Demands had been made for the insignia on the Order of St Michael and St George to be changed because it shows the Archangel crushing Lucifer under
Demands had been made for the insignia on the Order of St Michael and St George to be changed because it shows the Archangel crushing Lucifer under his foot.
Because Lucifer was depicted as dark coloured, critics, including comedian Michael Palin who received the order of knighthood, said it was similar to George Floyd’s killing in the US and now “inappropriate” and “racist”.
But in a written response, the government pointed out that the emblem had been in fact changed in 2011 to remove any suggestion of racism and said recipients of the award before 2011 were entitled to an updated version.
Responding to a question on behalf of the government, cabinet office minister Lord True said: “We are aware of a petition on the Order of St Michael and St George. The premise of this petition is factually incorrect – the insignia for the Order of St Michael and St George was updated in 2011, and the design referred in the petition is no longer used. Any current recipient of a pre-2011 insignia is able to receive one with the updated design, on request.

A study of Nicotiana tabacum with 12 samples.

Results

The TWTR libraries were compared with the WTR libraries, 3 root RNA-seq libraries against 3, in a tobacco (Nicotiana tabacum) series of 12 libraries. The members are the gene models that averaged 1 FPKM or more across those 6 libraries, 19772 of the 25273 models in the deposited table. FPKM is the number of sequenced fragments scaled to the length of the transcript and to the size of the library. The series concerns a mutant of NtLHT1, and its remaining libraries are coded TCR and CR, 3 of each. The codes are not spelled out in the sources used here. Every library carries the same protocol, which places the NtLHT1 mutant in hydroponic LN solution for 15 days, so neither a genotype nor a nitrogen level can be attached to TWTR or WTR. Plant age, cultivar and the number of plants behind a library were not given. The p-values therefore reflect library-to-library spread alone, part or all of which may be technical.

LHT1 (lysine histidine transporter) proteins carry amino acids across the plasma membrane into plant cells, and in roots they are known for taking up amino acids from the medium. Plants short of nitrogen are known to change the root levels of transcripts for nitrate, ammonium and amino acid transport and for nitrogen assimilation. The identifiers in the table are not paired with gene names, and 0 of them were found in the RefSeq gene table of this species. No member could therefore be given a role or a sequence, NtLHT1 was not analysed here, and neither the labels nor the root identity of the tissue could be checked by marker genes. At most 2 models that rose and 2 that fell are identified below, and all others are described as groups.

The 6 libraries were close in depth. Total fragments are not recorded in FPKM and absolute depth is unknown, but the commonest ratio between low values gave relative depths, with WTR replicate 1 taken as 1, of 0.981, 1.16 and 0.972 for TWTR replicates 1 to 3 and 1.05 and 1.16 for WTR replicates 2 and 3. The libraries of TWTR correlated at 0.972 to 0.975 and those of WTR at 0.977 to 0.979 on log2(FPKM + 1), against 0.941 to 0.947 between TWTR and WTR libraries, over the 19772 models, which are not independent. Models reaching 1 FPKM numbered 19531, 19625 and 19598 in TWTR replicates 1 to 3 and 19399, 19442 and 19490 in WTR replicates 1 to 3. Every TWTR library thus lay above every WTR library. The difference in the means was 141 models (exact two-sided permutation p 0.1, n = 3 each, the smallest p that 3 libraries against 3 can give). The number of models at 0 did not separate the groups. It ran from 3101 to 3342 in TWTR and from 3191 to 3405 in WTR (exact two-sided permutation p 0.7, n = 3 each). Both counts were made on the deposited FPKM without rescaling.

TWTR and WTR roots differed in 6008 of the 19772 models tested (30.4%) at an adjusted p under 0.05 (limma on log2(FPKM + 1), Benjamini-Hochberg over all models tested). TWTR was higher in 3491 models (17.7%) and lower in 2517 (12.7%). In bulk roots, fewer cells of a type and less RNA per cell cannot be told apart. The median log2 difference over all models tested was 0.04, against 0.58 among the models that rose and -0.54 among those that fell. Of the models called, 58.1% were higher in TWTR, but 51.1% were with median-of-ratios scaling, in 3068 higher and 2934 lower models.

“Matters regarding insignia are for the Committee on the Grant of Honours, Decorations and Medals (also known as the ‘HD Committee’). The independent Officers of the Order of St Michael and St George may advise the Committee in relation to their Order. The Committee then gives advice to the Sovereign.
“In light of the change in 2011, it is the view of Ministers in Her Majesty’s Government that there is no need for any specific review.”
The campaign had followed demands by leftwing activists for statues to be pulled down and has raised concerns that there is an “attempt to rewrite British history”.
The Most Distinguished Order of St Michael and St George was founded in 1818 by the Prince Regent later George IV.
It was originally created to recognise those who held high military commands or civilian responsibilities in the Mediterranean during the Napoleonic Wars.
These days it awarded to men and women who hold high office or who render extraordinary or important non-military service in a foreign country, and can also be conferred for important or loyal service in relation to foreign and Commonwealth affairs.